Nothing that will occur inside the Democratic National Convention is as important as what is and will be occurring outside. And I don’t mean any stray protesters.

Today we learned that U.S. manufacturing plunged to July 2009 levels and construction suffered its biggest drop in a year. Coupled with several weeks of increased first-time jobless claims, we can expect a poor jobs report on Friday.

So does President Obama and his party spend the week telling us things are better? Surely they would set themselves up for a bashing — unless the job numbers surprise us.

Does he say the economy would have been worse without him? Well, the Bush and Reagan recoveries were much stronger than whatever is we are experiencing. (Calling it a recovery flies in the face of voters’ deeply held conviction that we are still in a recession).

No wonder the Romney-Ryan ticket has jumped all over the president’s comment that he should get an “incomplete” on the economy. You imagine the ad men must be firing up those spots in which Obama says that failure to turn around the economy would make his presidency a “one-term proposition”:

The president, I guess, could continue to blame his predecessor. But the utility of “Blame Bush” is also diminishing, not to mention it’s a dicey proposition more than three years into your own term. Voters think George W. Bush may have been partially responsible for the economic collapse, but they now hold Obama accountable for what he has done (or not).The more he complains about how bad things were the less he seems able to handle the cards he was dealt. Moreover, Mitt Romney is now there to say that, while Obama may be overwhelmed by events (who would argue with that?), he is not and can clean up the mess from two administrations.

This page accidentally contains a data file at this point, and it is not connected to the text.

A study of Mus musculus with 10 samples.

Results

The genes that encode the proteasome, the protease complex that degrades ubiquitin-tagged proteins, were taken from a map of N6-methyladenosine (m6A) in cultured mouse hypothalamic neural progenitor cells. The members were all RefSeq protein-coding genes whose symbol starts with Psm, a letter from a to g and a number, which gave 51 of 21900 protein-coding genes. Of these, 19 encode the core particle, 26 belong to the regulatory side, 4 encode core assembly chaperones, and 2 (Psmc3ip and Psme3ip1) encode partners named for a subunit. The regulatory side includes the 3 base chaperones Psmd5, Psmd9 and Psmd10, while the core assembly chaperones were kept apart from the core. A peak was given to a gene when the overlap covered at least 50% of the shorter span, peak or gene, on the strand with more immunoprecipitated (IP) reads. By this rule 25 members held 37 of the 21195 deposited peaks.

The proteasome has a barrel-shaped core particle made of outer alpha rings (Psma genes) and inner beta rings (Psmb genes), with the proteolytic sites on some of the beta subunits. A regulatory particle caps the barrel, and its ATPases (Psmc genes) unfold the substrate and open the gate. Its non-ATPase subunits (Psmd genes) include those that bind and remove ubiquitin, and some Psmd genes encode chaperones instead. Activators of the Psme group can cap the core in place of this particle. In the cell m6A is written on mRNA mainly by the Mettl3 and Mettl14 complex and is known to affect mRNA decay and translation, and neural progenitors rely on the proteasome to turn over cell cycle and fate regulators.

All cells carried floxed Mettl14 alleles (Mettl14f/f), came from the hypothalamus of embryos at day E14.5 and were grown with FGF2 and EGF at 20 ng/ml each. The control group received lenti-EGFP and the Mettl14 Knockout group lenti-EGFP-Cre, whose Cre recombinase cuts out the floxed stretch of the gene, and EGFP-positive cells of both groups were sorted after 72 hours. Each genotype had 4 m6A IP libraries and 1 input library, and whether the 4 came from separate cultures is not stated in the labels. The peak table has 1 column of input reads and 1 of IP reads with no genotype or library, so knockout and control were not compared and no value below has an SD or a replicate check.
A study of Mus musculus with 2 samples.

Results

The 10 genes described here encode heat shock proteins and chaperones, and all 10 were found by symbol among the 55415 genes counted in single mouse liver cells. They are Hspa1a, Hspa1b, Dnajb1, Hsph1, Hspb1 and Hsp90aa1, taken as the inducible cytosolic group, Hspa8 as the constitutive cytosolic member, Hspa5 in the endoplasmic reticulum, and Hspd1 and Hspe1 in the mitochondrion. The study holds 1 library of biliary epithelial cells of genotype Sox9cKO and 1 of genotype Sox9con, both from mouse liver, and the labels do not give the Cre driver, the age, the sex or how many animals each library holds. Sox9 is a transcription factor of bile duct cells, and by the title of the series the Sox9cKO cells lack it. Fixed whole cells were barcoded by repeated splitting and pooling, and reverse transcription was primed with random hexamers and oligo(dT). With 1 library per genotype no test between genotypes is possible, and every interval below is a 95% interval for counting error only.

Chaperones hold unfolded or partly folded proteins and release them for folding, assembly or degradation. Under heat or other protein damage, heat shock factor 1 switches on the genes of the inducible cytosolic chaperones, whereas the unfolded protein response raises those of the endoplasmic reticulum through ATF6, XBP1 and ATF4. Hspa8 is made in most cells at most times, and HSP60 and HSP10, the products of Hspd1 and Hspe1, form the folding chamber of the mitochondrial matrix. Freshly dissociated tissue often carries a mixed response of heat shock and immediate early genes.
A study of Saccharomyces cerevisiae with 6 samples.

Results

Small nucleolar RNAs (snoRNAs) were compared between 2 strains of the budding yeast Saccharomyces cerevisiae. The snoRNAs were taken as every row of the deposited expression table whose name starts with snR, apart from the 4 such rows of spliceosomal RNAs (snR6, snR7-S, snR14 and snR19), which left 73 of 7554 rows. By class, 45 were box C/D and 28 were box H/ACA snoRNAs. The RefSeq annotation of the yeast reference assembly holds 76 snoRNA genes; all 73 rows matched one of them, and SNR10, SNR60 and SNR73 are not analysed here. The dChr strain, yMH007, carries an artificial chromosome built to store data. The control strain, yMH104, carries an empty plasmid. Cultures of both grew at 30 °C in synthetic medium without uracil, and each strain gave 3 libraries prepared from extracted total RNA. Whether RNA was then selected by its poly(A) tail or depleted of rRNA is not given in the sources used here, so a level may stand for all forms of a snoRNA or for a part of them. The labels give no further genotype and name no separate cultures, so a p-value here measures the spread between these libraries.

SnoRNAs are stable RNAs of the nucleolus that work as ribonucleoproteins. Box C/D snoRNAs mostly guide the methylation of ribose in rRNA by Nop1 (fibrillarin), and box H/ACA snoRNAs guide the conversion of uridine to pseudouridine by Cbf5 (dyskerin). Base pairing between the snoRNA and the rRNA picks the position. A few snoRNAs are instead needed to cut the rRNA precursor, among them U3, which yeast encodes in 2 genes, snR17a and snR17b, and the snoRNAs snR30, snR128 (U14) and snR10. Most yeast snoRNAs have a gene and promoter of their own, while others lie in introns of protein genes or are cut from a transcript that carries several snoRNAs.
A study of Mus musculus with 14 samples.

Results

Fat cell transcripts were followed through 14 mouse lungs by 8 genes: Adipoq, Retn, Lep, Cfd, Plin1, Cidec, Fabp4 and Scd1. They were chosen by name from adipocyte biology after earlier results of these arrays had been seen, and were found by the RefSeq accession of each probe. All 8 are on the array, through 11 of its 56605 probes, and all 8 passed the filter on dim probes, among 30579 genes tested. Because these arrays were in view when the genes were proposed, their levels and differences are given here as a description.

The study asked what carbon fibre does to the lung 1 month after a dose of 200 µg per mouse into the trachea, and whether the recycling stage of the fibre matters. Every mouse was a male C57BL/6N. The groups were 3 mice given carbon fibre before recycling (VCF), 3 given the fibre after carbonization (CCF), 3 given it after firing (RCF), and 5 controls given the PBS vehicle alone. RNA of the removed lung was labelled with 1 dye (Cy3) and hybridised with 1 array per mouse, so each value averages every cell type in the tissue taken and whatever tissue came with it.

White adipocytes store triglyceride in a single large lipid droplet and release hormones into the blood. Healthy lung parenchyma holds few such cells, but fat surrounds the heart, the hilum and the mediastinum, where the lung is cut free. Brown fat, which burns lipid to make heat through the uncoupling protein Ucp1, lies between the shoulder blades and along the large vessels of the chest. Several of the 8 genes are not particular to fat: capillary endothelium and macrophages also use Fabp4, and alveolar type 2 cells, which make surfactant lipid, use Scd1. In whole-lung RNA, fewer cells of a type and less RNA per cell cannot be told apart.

In some ways the Democratic convention is worse for Obama than the Republican gathering was. That’s because his biggest problem has always been the Obama economy, which the 2008 Obama said would be much better. You almost wonder if the Obama team wished there were no convention, which is simply a magnet for thousands of reporters to ask pesky questions and compare him to his 2008 version. Obviously, the Obama team was caught unprepared to answer the “what grade do you give yourself?” query. On the first day of the convention, it made the story all about his economic record, precisely what he wants to avoid.

Romney’s challenge at his convention was explaining who he is, something entirely within his control in a professionally run convention. The narrative was: I am not an ogre and I have a plan to fix things. Obama doesn’t need to reintroduce himself. And he’s refused to present an agenda that is more than a few Keynesian crumbs (hire teachers, more stimulus money for roads) and raising taxes (which isn’t stimulative at all). That leaves an awful lot of time to fill.

So what do the Dems do for three days? Not tout the economy. Not make the event about its extreme position on abortion. Well, there is always the killing of Osama bin Laden. And there is the class-warfare card. And there is trying to make Romney out to be a radical, which works a lot less well after the voters have learned more about him. Did I mention killing Osama bin Laden?